Quantum computing firm D-Wave Systems has announced that it will be commercially releasing a 1,152 qubit processor for use in quantum computers in March 2015.
The processor will be the most-powerful quantum annealing system to be made commercially available and represents a significant step forward in what some have touted as the next technological revolution.
"D-Wave is making fantastic progress in fabricating ever-larger processors," Colin Williams, director of business development and strategic partnerships at D-Wave, told Nextbigfuture. "In fact, we will be releasing our new 1,152-qubit 'Washington' processor in March of this year.
"However, size, (i.e. qubit count) is not the only aspect of the processor that has been improved. We have also lowered the noise and stretched the energy scale of the qubits (making them inherently more quantum mechanical)."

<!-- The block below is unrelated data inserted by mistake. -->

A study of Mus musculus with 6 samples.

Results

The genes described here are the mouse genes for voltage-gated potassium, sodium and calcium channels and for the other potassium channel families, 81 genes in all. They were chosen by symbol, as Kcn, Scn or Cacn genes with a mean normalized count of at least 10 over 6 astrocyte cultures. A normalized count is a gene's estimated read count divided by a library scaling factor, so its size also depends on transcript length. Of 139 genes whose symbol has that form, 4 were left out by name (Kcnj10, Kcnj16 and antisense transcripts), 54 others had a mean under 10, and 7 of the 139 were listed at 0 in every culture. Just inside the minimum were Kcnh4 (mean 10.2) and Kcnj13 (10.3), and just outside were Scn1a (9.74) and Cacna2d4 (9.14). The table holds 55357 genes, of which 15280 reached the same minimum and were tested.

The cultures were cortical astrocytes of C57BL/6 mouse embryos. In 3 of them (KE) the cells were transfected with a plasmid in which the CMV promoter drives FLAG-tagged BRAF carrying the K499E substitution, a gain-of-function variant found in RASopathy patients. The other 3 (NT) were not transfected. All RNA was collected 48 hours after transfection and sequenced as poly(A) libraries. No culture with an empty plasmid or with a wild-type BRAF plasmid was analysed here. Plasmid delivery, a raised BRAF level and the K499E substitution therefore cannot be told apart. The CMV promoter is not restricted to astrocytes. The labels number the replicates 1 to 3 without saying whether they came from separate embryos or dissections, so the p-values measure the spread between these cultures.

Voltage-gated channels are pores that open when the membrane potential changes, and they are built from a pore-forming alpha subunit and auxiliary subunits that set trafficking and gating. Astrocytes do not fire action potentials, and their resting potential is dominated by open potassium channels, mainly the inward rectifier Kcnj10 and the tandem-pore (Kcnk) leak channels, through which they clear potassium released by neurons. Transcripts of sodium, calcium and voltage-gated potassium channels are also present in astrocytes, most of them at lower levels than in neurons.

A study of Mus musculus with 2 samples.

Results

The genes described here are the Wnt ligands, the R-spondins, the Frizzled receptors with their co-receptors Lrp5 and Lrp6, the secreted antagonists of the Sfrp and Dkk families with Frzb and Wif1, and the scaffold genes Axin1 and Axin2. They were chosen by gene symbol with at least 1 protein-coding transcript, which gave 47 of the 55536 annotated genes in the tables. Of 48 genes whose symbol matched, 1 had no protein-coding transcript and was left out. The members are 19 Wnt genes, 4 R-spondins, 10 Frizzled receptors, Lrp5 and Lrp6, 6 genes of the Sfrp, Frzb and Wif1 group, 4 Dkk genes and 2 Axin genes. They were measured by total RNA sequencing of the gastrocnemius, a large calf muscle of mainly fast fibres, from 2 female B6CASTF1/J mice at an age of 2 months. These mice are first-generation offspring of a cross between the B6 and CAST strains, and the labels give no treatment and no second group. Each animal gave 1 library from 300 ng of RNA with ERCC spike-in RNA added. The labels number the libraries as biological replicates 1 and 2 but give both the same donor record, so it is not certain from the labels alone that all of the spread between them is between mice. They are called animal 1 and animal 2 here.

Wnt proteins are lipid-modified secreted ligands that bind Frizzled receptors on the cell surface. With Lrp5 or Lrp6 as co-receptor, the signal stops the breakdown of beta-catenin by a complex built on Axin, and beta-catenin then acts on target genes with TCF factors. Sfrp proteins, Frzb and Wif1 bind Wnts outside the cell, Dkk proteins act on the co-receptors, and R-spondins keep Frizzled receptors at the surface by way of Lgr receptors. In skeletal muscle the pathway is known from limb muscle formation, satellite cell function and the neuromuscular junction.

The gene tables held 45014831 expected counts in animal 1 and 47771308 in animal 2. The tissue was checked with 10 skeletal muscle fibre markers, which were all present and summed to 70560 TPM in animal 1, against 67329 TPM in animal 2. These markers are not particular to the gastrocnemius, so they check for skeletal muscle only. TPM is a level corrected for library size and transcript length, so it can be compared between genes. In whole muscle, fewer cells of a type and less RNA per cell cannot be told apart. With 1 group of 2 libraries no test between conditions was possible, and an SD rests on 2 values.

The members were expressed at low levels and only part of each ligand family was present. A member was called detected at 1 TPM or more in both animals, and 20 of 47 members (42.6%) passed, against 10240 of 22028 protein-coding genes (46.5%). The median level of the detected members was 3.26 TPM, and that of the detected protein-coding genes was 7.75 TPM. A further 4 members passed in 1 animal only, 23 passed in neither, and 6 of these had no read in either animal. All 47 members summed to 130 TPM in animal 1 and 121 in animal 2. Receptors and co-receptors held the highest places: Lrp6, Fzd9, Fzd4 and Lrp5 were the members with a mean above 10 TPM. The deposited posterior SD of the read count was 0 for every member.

D-Wave produced the world's first commercially available quantum computer in 2011, which used a 128-qubit system. Two years later a 512-qubit system called the D-Wave Two was bought by NASA and Google as part of a collaboration aimed at researching machine learning and artificial intelligence.
The 1,152-qubit system will use a chip with 2,048 physical qubits, however 896 qubits will not be active. The cost has yet to be disclosed by the firm, however previous systems have cost around $10m (£6.5m).
The Canada-based firm recently raised C$29m (£15m) from an anonymous "large institutional investor" in order to expand the development of quantum hardware and software.
Previous investors in D-Wave have included Goldman Sachs, BDC Capital and Bezos Expeditions, and some analysts believe that the latest investment came from one of the previous backers.
"The investment is a testament to the progress D-Wave continues to make as the leader in quantum computing systems," said D-Wave CEO Vern Brownwell. "The funding we received in 2014 will advance our quantum hardware and software development, as well as our work on leading edge applications of our systems.
"By making quantum computing available to more organisations, we're driving our goal of finding solutions to the most complex optimisation and machine learning applications in national defence, computing, research and finance."